Chris Lehmann, the leader behind one of the most amazing schools in the country, is also a gifted thinker and writer. It is rare that I read one of his blog posts that doesn’t push my thinking or have me nodding my head. His recent piece, entitled “Deep Knowing and Knowing About” explores the balance between the “depth” of the curriculum and the needs of students. Here’s my favorite bit:
One of the things I talk about with teachers a lot is the idea that, in any given class, if you are lucky, 10% of the kids will major in a field that is related to the course material you are teaching. If we only teach to those 10%, we will lose the 90%. But we also have to teach in such a way as to not lose the 10% of the kids who are rabidly passionate about the subject. And in addition, we assess those students the same way.
What a great point, right? How do you address the rigor needed to keep the attention of those with skills, interest, and prior knowledge; while still meeting the needs of those for whom science will not be a career? Is it even reasonable to try to address both of these goals at the same time, in the same class?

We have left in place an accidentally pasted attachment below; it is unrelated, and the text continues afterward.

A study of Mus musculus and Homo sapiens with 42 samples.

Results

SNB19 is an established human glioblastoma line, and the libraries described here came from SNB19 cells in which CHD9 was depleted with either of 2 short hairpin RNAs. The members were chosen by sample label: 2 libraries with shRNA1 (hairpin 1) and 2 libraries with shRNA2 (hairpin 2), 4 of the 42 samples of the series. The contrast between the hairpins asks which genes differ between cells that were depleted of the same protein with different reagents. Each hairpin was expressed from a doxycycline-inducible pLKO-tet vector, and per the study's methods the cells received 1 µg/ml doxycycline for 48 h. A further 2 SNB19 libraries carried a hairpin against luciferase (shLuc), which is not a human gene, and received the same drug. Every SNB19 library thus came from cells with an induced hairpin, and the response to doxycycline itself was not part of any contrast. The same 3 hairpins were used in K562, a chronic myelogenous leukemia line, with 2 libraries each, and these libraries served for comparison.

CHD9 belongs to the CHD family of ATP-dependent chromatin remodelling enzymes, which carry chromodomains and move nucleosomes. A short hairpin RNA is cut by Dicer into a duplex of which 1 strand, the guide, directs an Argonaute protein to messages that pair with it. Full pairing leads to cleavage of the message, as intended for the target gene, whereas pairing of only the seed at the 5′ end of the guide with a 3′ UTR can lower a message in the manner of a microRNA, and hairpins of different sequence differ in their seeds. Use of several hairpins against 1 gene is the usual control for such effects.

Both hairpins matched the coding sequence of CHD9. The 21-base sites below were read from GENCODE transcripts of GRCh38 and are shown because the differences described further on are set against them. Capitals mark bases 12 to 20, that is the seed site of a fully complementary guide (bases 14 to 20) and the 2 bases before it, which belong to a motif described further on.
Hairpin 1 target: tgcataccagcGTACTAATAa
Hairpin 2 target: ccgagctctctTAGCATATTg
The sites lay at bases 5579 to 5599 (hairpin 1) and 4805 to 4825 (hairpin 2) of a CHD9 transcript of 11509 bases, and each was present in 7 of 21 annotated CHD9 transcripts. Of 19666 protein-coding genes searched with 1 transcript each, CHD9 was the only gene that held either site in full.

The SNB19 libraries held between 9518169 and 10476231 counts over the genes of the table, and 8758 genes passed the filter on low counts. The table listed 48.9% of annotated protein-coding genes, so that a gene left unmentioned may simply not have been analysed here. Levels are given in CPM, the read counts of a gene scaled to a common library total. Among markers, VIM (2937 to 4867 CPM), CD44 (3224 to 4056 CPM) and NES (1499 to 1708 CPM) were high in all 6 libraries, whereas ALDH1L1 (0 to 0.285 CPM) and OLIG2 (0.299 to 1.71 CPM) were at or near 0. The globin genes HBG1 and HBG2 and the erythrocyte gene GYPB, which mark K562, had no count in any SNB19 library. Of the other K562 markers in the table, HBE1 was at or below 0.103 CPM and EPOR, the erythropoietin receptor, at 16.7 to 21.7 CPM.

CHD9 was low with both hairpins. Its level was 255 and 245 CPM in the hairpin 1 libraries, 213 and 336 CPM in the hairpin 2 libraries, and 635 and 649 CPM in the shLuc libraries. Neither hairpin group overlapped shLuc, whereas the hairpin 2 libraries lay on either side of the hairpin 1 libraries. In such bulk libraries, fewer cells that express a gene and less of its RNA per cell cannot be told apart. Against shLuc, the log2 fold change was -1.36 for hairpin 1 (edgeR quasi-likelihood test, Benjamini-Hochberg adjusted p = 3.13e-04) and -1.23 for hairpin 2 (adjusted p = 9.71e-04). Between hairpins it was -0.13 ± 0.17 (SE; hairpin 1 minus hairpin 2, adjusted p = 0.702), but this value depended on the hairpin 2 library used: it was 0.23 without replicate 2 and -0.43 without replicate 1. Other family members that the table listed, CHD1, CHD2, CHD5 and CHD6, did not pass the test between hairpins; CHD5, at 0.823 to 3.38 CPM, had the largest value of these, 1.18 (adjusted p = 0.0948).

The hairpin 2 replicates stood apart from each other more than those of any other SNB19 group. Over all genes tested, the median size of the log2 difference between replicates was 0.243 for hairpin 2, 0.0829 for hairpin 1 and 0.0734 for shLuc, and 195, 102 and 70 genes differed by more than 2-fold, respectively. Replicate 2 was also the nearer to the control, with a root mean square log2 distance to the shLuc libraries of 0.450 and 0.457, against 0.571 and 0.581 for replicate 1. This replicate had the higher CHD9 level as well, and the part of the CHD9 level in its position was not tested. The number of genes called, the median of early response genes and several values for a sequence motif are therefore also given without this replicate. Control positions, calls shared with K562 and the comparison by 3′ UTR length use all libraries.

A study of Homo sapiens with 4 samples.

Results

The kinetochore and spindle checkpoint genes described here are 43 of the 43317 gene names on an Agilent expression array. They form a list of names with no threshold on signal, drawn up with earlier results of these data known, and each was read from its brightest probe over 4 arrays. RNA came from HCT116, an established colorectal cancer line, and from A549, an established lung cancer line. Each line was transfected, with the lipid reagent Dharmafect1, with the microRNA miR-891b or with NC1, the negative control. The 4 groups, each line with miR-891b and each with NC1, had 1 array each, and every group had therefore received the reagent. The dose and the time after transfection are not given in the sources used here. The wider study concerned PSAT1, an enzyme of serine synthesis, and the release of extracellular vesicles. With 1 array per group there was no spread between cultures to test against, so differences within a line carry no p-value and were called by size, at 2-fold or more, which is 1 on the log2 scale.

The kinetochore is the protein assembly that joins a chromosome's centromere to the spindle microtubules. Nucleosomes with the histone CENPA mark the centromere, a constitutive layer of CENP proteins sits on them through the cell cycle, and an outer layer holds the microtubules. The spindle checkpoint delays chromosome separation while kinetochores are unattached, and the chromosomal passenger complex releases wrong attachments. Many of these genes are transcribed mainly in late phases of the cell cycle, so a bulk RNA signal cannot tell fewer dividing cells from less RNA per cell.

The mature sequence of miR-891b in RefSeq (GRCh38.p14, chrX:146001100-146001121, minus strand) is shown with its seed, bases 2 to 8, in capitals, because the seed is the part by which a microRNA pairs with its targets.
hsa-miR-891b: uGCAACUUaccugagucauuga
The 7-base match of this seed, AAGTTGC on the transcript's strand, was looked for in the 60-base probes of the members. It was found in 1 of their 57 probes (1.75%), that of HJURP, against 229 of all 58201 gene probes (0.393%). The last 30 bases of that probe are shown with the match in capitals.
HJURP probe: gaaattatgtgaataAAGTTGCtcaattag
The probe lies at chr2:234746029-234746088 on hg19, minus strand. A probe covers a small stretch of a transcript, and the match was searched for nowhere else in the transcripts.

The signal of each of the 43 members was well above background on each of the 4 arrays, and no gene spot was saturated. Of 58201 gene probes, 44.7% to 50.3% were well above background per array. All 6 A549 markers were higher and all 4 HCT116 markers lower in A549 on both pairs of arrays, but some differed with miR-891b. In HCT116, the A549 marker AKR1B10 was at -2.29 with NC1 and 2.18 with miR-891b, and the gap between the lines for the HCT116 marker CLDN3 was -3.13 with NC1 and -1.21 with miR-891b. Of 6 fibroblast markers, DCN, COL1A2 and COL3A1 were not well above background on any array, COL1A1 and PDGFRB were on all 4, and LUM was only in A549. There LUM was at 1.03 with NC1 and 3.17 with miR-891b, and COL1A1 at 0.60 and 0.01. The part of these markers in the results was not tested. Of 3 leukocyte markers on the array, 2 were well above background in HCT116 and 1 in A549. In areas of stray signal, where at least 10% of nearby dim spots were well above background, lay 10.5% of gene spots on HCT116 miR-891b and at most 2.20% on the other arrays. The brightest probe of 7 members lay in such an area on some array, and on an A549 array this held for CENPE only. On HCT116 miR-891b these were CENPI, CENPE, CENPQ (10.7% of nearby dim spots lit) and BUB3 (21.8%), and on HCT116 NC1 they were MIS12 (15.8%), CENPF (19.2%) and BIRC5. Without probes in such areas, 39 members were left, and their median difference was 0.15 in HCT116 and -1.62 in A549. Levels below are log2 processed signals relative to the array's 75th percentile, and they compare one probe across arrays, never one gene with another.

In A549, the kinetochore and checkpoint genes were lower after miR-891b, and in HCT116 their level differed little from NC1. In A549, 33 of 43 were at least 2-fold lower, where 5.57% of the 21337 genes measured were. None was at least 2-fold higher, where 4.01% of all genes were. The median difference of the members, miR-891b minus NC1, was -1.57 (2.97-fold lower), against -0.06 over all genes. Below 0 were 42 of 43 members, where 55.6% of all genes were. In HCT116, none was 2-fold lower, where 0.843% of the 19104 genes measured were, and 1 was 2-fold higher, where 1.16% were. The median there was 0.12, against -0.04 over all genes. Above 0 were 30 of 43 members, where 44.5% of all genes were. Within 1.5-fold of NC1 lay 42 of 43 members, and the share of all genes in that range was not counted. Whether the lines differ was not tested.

Lehmann goes on to answer that the key is to provide every student with the means necessary to identify and investigate their own interests. Lifelong learners, he argues, are better able to pursue their own passions and find the “depth” that makes the most sense for them.
I completely agree, and I could not have put it better than Chris has, so please follow the link and read his entire post. But, it was somewhat depressing to realize that our current education system is so focused on the memorization of minutiae and the regurgitation of facts that it’s difficult to see where and when we have the opportunity to do the great things that he suggests.
But, if a school leader like Chris Lehmann sees the importance, and is finding ways for his own educators and students to solve this problem, then there is hope.